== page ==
Tell us the worst parts about Healthcare. Give us a brief summary. Share your solution.
MeganJanas last edited by MeganJanas
We need to highlight this fact: Healthcare has issues! Which causes you to have issues. From medical bills to records that cannot be transferred, to everything in between. We want to know! Give us a brief description (only what you are comfortable sharing) and tell us the solution.
Share worst parts. Share the solution.
The goal is to highlight that we have major problems in healthcare. We don't have to let these things continue. We can act on them and make it better. You can tell us how!
@MeganJanas I will start so that we all feel comfortable and can see how easily it is to share.
In 2007, my twins were born early. They needed the NICU- one for 4 weeks and the other for 5 weeks. I had this funny feeling that our insurance company was going to claim that "they didn't know that we had two babies." Which is funny, because the care, the ultrasounds- all indicated there were in fact 2 babies. So, about 2 weeks into the stay at the hospital, my husband and I walked into the billing department just to tell them, hey, we do have two little patients here, please make sure that insurance knows. We were assured, they did.
Fast forward, we get home. Bills start to show up. The largest, $240,000 was marked paid. Ok. One down.... We waited. The next showed up: $40,000. Unpaid. Reason: You didn't tell us you had 2 babies. Ummm, what? What? Are you serious? This can't be real. Oh, yeah. We got to 5 appeals out of 7. On the 5th appeal, they finally paid that last 40. But it was so stressful.
Solution: Knowing at the start of care, who will be on this policy, and the insurance company understanding that this is a very stressful time, pay the bill, would have been a great start. Hanging this over their customer's heads was irresponsible.
Having more tools at one's disposal would have alleviated this. Making sure that customers feel supported, and reassured would have made this time different. When life is in the balance, money is the very last thing you think of. With this industry, money is the first thing thought of. This needs to change. It's people, caregivers, and life first- always.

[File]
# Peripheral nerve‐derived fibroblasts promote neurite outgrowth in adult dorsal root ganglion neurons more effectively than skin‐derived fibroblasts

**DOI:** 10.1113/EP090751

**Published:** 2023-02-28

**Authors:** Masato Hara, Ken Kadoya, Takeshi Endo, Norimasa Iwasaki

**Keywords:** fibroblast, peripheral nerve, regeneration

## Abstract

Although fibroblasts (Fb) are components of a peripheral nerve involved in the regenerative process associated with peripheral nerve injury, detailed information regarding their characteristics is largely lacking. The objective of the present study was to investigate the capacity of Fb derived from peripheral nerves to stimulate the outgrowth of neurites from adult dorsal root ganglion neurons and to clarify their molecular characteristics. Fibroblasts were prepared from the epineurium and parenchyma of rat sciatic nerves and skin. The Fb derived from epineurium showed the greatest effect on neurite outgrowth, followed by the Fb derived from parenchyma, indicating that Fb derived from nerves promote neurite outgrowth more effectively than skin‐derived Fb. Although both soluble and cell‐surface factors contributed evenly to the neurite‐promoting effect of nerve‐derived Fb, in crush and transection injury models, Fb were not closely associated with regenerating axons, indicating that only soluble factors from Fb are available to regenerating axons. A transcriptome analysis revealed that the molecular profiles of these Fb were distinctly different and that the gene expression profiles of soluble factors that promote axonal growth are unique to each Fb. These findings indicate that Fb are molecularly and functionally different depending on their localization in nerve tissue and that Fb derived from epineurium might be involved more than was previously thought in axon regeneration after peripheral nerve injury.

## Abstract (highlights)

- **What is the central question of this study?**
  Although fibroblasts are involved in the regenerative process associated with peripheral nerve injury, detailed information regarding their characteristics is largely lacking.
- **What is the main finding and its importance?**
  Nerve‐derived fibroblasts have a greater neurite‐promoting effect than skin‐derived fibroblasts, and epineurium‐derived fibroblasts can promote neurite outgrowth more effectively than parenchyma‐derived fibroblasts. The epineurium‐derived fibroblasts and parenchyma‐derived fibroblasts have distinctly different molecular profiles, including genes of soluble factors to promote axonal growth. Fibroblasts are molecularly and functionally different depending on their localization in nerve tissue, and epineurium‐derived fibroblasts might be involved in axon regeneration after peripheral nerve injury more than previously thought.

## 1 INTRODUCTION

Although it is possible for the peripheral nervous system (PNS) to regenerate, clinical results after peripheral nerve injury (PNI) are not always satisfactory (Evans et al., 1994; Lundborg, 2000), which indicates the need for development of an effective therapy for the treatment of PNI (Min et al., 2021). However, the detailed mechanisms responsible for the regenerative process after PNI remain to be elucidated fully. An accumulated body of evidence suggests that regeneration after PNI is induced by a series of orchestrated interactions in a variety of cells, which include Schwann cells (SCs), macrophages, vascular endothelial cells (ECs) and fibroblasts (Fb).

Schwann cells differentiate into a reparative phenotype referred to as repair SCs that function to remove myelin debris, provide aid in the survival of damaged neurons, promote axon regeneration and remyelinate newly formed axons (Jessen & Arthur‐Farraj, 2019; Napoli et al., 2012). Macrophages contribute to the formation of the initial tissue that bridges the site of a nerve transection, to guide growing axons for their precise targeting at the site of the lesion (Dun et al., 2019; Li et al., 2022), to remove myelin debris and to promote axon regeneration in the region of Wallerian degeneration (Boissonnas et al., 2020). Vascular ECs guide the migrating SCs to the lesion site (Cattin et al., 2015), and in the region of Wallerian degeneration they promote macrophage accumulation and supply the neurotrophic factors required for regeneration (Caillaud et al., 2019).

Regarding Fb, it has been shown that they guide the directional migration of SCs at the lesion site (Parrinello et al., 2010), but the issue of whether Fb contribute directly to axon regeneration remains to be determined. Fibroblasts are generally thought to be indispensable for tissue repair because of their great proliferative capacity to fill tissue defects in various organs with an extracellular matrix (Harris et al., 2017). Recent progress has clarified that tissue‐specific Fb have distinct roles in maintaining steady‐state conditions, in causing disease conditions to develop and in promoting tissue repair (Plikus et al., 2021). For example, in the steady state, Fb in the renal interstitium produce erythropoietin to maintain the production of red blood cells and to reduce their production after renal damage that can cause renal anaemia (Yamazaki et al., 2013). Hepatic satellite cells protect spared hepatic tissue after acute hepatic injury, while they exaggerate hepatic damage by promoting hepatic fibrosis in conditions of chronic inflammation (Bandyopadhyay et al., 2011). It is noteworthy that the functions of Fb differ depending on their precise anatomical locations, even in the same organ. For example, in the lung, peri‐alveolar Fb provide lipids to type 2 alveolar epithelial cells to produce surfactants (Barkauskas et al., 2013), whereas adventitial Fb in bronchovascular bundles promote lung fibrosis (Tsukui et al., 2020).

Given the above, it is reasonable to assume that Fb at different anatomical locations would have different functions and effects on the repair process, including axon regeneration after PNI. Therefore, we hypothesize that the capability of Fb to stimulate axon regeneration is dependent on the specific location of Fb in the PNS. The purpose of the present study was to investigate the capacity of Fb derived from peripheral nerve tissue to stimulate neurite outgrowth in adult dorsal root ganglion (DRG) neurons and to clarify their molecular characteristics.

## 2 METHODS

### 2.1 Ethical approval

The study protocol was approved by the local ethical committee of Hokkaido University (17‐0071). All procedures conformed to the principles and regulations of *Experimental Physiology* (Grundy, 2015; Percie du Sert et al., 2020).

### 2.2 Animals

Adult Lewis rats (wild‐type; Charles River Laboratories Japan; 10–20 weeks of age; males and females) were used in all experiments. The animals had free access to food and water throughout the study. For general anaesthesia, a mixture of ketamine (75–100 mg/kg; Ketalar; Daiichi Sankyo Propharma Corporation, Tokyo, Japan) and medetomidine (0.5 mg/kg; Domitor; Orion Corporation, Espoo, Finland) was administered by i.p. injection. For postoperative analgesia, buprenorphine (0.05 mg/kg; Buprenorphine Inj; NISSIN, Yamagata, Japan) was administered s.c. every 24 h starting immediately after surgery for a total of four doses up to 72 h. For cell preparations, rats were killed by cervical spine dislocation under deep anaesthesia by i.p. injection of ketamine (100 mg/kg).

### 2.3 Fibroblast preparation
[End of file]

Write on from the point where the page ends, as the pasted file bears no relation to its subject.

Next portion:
I was reminded the other day of this, when the video of a man lambasting a politician, came up in my feed. One of his lines is: "That the healthcare industry is a for-profit business is immoral." I think some profit in healthcare is a good idea. But billions in profit is hurting us, robbing us of savings, and not adding any longevity or healthy years to our lives. We can fix that, and this is why I am a part of Citizen Health.
JoeCallender last edited by
@MeganJanas So can relate to this. We also had twins and the insurance co. could not get it through their heads that that means there are two claims for every appt. So insane for years!
And itś up to you as the parent to catch it, resubmit it, and appeal it.
And our co. still only accepts paper claims so there is the added burden of copies, forms, and assembling.
Agreed. Healthcare can be profit-driven. It matters how the profit is being derived and at what amounts.
Ed.Swann last edited by
Insurance functions this way as an acceptable default model because no one is challenging the status quo. I fully understand the business side - needing to ensure claims are not over-paid or unnecessary, but they operate from an intentionally adversarial position to the customer. Not as an advocate. What does it take to start a new healthcare plan/insurance carrier that completely throws the current insurance business model out the window and shifts focus to providing simplicity, transparency, and value to the consumer? That new business model could dominate the market.
@Ed-Swann This is what we intend to do, Ed! Flip the model, change.... everything.
@JoeCallender It is really a wonder.... But please, stop making it hard. There are so many nuances to twins. People don't grasp what we experience, from insurance blunders, to "Yes they are two different people, they like different things." (I have a Cavs fan and a Golden State fan, the Finals around here are exuberance and consolation.)
Turning to profit in healthcare. Where should we make profit? What should be done with it? How about the notion of driving down healthcare costs and the economic benefits of that? If we could inject about $10,000 into the average working family, does this have merit? Is this a good idea?
mattrmd last edited by
@Ed-Swann I always try to keep in mind health insurance is principally a financial instrument, and I look at it through that lens, not a healthcare, and especially not a health lens.
BrennenHodge last edited by
Even as a financial instrument, it's not getting the job done.
When merchant boats were sailing around the world for the first time, we needed a way to minimize losses. Thus, we came up with insurance.
But now, we can send millions of dollars to the other side of the world in seconds only costing pennies.
Our health & wellbeing should be treated differently than wooden boats lost at sea.